Organizing Report Cards in 5 Simple Steps


By Rachel Wilser

Well, teachers: you’ve (probably) made it through one quarter of the school year. If you’re a school on quarters, you likely either just finished, or are coming up on, the first quarter of school. Which means, among other things, report cards. Report cards can inspire some strong feelings, but in most schools they’re a necessary evil — whether you assign letter grades, effort grades, conduct grades, or something else it can be overwhelming to prepare for and organize your report cards. Between calculating grades and writing thoughtful comments for 18-28 students it’s enough to make even veteran teachers crazy. The good news? You can tame report cards. The better news? It’s not terribly hard. Read on for my five best tips to get your report cards done on time without letting them take over your life.

  1. Grade with a plan.
    One of the easiest things to do is to continually shove assignments that need to be graded deeper and deeper into your teacher bag, or farther underneath piles on your desk. I cannot be clear enough about this: THAT. IS. THE. WORST. IDEA. Do not under any circumstances attempt any version of this plan.
    Sometimes your administrators might require you to grade a certain number of assignments per week, or certain amount of assignment types during the quarter. While this can sound cumbersome, set a goal for yourself if your administrators don’t set a requirement for you. Maybe you want to grade one effort and one content assignment per week. Or maybe you want to take three math grades per week. Do whatever feels manageable to you, but I strongly encourage you to set a goal so that you have a variety of different types of grades, taken over the course of a quarter.
    Also, make sure that you set aside time each week to grade. Whether you do it on Friday nights watching Netflix or Wednesday afternoons during your planning period, you need to schedule time each week to grade and record your grades.
  2. Mark when grades are due.
    When you find out when grades are due, this date should go immediately on your calendar in giant bold letters doodled in highlighter. I mean, maybe this is a slight exaggeration. But only slight. The day grades are due is super important.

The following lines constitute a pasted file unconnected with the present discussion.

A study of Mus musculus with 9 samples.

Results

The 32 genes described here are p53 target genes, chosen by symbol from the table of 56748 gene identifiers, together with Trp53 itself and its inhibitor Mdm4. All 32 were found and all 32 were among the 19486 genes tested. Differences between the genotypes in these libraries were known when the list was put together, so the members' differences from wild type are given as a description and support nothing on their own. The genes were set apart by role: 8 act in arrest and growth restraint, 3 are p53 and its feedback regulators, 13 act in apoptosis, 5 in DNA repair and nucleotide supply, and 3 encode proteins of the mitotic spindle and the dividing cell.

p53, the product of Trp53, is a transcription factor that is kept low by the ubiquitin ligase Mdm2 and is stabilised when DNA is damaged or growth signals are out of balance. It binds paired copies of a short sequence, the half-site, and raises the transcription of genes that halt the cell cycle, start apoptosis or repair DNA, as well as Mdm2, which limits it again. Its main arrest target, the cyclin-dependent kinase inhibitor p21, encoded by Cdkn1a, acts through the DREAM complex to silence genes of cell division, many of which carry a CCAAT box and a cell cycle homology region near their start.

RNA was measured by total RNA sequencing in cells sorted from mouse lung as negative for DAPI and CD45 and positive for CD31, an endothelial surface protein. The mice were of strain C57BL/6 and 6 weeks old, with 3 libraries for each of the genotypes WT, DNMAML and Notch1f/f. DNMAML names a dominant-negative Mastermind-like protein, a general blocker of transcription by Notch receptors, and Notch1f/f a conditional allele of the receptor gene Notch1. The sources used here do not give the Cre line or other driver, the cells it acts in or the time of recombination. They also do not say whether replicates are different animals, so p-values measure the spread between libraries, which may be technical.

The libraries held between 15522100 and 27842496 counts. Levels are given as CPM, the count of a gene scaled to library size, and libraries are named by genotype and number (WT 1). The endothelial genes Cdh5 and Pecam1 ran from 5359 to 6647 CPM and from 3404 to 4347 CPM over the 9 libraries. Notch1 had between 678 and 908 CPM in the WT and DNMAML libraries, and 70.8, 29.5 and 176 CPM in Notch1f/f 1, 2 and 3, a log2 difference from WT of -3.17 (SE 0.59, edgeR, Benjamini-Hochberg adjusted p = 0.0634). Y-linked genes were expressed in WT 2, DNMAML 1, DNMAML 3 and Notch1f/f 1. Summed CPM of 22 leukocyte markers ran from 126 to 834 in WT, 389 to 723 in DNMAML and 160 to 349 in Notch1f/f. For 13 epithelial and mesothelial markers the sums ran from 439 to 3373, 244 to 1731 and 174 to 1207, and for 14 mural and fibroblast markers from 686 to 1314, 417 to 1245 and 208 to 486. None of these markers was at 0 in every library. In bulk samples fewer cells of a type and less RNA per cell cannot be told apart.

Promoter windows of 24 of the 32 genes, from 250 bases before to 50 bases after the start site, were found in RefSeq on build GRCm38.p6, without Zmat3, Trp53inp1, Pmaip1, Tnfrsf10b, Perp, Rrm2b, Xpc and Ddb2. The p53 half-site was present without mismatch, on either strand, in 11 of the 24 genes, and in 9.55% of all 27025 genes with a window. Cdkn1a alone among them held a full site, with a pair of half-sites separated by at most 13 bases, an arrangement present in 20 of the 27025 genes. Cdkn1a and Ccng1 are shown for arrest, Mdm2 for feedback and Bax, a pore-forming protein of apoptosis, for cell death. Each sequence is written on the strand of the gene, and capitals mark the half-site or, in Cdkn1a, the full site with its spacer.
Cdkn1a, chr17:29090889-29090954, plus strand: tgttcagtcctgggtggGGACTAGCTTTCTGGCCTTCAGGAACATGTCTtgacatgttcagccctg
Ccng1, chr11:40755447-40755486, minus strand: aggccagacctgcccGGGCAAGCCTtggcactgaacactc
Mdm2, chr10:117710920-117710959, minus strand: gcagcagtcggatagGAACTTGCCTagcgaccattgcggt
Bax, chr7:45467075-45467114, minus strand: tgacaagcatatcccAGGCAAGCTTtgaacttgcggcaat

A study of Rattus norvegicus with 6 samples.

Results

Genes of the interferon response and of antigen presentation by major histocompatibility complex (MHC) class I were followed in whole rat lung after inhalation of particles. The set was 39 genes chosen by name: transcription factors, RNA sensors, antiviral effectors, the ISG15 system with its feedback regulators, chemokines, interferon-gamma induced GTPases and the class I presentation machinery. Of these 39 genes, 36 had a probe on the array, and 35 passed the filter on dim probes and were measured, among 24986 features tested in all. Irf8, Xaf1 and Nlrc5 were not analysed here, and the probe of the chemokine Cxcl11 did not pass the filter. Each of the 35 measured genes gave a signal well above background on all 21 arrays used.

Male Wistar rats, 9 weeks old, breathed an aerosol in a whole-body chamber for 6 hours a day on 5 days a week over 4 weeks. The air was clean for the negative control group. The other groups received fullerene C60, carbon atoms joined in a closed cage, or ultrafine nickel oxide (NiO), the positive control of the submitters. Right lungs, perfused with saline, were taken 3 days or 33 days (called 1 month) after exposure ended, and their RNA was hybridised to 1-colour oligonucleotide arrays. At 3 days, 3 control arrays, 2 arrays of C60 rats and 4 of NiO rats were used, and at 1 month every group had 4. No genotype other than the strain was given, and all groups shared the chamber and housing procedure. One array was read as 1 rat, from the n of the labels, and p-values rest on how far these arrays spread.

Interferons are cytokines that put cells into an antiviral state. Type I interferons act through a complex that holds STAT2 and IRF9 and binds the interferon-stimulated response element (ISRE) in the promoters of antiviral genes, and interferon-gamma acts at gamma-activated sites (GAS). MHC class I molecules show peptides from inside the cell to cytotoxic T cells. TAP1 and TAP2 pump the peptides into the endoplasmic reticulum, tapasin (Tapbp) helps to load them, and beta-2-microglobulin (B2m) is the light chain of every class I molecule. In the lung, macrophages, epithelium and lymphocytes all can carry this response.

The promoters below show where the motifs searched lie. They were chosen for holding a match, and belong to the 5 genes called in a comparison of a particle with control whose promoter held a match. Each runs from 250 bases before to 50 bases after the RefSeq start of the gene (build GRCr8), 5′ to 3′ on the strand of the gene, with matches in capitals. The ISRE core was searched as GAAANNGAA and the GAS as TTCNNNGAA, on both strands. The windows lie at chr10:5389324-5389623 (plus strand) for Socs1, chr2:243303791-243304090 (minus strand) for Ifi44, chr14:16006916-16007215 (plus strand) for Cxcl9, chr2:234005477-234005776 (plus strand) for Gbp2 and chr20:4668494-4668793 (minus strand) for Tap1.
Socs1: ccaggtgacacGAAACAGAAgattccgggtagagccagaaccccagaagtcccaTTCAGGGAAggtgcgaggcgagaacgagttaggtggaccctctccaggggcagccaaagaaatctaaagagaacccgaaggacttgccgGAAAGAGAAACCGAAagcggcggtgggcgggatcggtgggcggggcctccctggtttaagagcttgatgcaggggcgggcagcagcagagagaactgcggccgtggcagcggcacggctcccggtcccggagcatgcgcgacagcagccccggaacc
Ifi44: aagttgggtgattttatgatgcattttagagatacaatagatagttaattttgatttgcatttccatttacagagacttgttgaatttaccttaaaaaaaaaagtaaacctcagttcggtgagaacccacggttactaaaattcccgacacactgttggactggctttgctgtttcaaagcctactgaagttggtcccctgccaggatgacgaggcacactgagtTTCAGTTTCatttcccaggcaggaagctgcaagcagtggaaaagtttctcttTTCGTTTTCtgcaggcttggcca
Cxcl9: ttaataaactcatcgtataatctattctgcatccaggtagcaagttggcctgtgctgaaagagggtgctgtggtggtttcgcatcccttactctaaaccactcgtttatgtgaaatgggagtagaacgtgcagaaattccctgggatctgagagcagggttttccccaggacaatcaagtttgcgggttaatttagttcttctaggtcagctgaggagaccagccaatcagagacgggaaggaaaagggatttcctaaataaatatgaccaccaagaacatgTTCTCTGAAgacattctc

3. Calculate number grades first.
    I personally think that it’s better to calculate number grades first. Sometimes you have a comment in mind for a student that doesn’t necessarily line up with the number grade. Maybe they struggled with content earlier in the quarter, but it was balanced out. Overall, it just generally saves times if you calculate final grades (or have a pretty good idea of what final grades will be) before you move on to writing comments.
  4. Generate comments in the last three weeks of the quarter.
    Okay, okay. This sounds like the opposite of the last thing I just said, but stick with me here. You don’t want to be writing 75 report card comments the night before report cards are due. You may have to go back and revise some of them, but at least the majority of them will be finished and you can tinker and adjust as necessary.
  5. Compile all comments and report cards BEFORE the deadline/due date.
    All right, maybe this sounds obvious, but I’m saying it because it always happens to someone and I don’t want it to be you. More and more schools and/or school systems are moving towards digital grade tracking and digital report cards, and while digital tracking systems can make communication easier, they can also buckle under the pressure. What I mean here is that when an entire faculty is attempting to finalize or upload report cards, it’s not impossible to imagine a scenario where either the system crashes or upload times become really slow. You can easily avoid this problem by having your report cards and comments ready one or two days before the deadline. Submitting before the deadline allows you to relax and avoid most technical delays.

Report cards can be an overwhelming task, but planning ahead can mitigate your stress level around the end of quarter (especially since quarters usually end around a holiday break). By planning backward and dedicating time each week to grading, you’ll be prepared for the end of the quarter and ready to focus on actually teaching.

Rachel Wilser has spent the better part of a decade in classrooms around the country — in private, public, charter, elementary, and middle schools. Now, she chases twins and drinks coffee while planning her return to the classroom.